Farmer Profile: Choua and Xou

Meet farmers Choua and Xou at Big River Farms

Nancy Cook | Laura Hedeen | 2018

Xou, Choua, and one of their sons

Choua, a teacher with the Hmong Charter School in St. Paul, looks forward to planting season every spring. She and her husband Xou discovered Big River Farms through the Hmong American Partnership (HAP) at a workshop they attended in 2016. Before connecting with us, Choua and Xou started their own farming business in 2014. With four little boys to support, they needed a way to supplement their income and save up for their children’s education. Although the most experience Choua had with planting was in her mother’s garden, Xou seemed to have a natural knack for farming.

In 2014, Choua and Xou found a 3-acre plot to rent in Marine on St. Croix with a group of Hmong farmers. After farming there for a year, they moved their start-up operation to Vermillion, south of the Twin Cities. Both locations had been conventionally farmed for many consecutive years resulting in poor soil health, so they continued to look for a better fit.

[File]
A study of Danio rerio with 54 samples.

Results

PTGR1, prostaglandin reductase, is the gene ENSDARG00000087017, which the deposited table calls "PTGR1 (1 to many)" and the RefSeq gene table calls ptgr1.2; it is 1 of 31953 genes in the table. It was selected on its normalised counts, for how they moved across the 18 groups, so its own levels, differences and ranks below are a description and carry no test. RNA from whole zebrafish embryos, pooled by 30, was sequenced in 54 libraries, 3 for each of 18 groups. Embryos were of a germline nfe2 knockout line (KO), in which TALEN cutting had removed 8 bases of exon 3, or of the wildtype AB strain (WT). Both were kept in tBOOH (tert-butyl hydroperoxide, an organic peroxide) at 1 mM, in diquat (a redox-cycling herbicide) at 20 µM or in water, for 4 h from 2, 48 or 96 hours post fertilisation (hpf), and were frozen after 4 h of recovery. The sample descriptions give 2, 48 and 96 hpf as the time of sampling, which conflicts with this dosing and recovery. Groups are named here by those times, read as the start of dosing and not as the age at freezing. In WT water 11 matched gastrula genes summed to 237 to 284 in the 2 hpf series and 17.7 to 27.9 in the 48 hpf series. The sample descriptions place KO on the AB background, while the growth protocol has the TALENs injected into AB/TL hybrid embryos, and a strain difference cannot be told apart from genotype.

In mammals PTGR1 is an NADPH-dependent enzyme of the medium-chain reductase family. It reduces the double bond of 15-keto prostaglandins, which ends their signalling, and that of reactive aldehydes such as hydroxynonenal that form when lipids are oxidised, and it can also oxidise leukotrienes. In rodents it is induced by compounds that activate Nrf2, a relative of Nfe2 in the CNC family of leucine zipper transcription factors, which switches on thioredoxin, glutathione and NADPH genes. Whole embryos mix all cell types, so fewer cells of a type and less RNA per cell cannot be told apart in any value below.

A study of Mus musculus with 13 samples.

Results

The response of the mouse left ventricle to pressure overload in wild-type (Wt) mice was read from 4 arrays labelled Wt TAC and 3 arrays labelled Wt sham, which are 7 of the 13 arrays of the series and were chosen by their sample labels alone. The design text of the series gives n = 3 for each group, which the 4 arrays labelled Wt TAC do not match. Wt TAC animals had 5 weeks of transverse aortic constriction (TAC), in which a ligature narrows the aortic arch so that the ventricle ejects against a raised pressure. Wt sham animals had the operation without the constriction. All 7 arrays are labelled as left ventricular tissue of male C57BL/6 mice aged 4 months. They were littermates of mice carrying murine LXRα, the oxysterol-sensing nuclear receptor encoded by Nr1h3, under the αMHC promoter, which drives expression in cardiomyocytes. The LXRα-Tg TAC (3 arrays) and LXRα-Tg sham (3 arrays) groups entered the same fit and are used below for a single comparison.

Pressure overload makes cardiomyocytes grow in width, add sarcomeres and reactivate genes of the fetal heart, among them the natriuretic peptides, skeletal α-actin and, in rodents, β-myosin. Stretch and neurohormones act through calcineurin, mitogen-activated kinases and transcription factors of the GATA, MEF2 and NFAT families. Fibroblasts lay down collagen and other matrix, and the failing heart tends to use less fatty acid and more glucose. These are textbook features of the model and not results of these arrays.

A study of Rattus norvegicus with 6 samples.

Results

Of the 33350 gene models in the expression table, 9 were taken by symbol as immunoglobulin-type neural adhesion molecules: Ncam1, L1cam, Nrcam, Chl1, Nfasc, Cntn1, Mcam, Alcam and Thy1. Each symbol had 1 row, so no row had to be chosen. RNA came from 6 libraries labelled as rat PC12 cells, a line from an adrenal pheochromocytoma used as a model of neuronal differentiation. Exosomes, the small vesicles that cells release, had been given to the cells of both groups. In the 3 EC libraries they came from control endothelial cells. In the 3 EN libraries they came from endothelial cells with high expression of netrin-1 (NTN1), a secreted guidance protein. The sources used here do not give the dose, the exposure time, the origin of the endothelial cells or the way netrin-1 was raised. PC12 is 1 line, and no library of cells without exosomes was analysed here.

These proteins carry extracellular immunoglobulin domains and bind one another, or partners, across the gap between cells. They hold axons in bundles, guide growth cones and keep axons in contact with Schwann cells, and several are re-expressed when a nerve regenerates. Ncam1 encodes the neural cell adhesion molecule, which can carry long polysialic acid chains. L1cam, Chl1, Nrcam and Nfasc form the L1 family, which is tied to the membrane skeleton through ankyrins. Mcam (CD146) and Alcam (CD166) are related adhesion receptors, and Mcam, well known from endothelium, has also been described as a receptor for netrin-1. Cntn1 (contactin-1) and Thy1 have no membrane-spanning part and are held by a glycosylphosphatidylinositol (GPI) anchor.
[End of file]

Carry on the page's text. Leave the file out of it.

In 2016, they found a 6-acre plot of land to rent on a farm near Forest Lake. They immediately formed a great relationship with their landlord there, a retired farmer who became a mentor for Xou on basic tractor skills. Little by little, Choua and Xou discovered how to navigate their business partnership – Choua became responsible for all paperwork and communication and Xou managed field work and farm equipment. They also found farmers’ markets in Brooklyn Park and Pine City to sell their produce as customer demand continued to grow. However, during this time they worried about the long-term impacts and side effects of working with chemical-based fertilizers. When they found out they could learn organic farming methods through Big River Farms, they jumped at the opportunity.

In 2018, the couple left their plot in Forest Lake to farm at Big River Farms in Marine on St. Croix. In their first year of our Farmer Education program, Choua attended classes to learn about the required record-keeping and farming practices needed to become certified organic. Xou viewed this transition as a way to have more access to mentors who knew the details of organic farming, while being able to put what they learned into practice.

Choua and Xou hope to continue scaling up their farming business, and with their own organic certification, open new market opportunities. Within the next few years, they hope to buy farmland with a house where they can raise their family and support themselves off their farming business. Look for their produce in your local CSA!